The other evening at dinner, I remarked to Tom, “Well, today I really felt like an artist.” He gave me his “I-don’t-know-where-this-is-going-but-I’m-willing-to-follow-you-there” look & waited for me to continue.
Here’s what I explained: During my studio session that afternoon, I had experimented, observed, documented, jettisoned, recommenced & practiced, all the while enjoying the thrill of discovery & a blissful freedom from expectations. I had entered the studio at 1 PM with an idea, a willingness to explore it & a bit of trepidation; at 5 PM I departed with a pleasing sense of accomplishment, a clear trajectory for my project & happy anticipation for my next painting session. In short, I had engaged in typical, felicitous, art-making behaviors.
This was all noteworthy because lately I’ve been feeling rather too workmanlike – or whatever the female equivalent is – behind my easel. Maybe this is because I’ve been mostly using the same medium for the last decade. Over time, as skills increase, the proficiency bar gets raised higher & higher. Eventually, a quest for breathtaking technique can inadvertently supersede a project’s raison d’être & become an end in itself, an implacable goal to be achieved at any cost. Life in the studio then becomes much less felicitous & rather all too tedious, or at least it did in my case.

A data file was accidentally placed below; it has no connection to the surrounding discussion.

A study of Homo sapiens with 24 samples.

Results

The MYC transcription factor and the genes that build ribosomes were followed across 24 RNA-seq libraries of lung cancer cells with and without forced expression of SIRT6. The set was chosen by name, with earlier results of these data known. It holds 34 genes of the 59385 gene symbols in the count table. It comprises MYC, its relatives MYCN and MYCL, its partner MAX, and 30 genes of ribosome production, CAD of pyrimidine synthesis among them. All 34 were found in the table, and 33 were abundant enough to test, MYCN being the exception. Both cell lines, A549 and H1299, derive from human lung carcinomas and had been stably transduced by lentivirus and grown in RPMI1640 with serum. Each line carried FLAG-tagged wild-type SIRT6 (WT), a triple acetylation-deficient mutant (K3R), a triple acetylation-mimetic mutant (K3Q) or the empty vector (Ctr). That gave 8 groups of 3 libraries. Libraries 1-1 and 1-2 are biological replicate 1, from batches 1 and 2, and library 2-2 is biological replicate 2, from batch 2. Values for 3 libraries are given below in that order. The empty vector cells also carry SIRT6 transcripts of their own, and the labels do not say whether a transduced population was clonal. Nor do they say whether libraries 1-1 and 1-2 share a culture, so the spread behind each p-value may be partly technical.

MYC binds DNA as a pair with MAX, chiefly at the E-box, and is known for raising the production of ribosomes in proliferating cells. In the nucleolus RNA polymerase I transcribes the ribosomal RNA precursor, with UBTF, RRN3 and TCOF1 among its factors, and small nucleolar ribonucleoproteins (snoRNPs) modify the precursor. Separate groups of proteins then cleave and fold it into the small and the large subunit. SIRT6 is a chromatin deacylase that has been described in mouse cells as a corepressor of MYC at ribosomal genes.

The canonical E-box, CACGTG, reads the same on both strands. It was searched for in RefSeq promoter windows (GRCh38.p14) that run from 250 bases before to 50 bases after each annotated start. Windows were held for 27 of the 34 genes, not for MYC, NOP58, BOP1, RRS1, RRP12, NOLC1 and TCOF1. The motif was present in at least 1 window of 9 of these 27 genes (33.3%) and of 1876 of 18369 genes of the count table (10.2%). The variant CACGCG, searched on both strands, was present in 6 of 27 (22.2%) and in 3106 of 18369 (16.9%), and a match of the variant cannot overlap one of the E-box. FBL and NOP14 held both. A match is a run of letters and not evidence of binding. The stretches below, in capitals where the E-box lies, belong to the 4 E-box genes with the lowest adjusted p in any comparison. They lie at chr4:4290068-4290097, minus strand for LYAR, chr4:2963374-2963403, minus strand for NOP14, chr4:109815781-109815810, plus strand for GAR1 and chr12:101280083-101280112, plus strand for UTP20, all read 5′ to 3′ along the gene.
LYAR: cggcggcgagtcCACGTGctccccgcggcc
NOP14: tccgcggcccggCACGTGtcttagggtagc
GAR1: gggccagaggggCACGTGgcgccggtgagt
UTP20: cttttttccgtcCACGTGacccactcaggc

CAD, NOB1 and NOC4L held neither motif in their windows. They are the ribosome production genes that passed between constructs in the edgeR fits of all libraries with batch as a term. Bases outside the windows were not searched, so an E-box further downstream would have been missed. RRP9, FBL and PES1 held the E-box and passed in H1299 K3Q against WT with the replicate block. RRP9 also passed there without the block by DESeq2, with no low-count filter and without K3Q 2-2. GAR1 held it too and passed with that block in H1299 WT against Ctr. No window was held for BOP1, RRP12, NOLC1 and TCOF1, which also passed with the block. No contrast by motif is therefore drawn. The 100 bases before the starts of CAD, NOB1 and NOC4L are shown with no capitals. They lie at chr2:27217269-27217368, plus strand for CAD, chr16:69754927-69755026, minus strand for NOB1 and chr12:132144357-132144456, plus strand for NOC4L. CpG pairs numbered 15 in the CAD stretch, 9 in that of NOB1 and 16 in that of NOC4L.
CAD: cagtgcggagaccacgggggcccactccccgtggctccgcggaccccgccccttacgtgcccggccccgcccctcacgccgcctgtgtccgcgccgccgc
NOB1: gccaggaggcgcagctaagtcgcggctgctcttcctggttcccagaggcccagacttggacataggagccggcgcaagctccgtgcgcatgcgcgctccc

Fortunately I found a remedy: It was to become a sort of flâneur – or whatever the female equivalent is – in my own studio. Flâneurs are, most popularly, figures in 19th C. French literature who spend their time strolling the streets of Paris. More than mere idlers, though, they observe closely, delighting in & analyzing all they see & it’s specifically this quality of “detached engagement” that served me so well the other day: Instead of holding on to preconceived, joy-sapping goals, I was able to freely move about, so to speak, riding the wave of new-found creative energy, regardless of where it took me. And where it took me, plain & simple, was straight back to my passion for making art.
If life behind the brush or in front of the easel ever becomes plodding & dull again, I will summon up the metaphor of the 19th C. flâneur & roam freely along the streets of my creativity once more.
(This blog is dedicated to Charles Baudelaire.)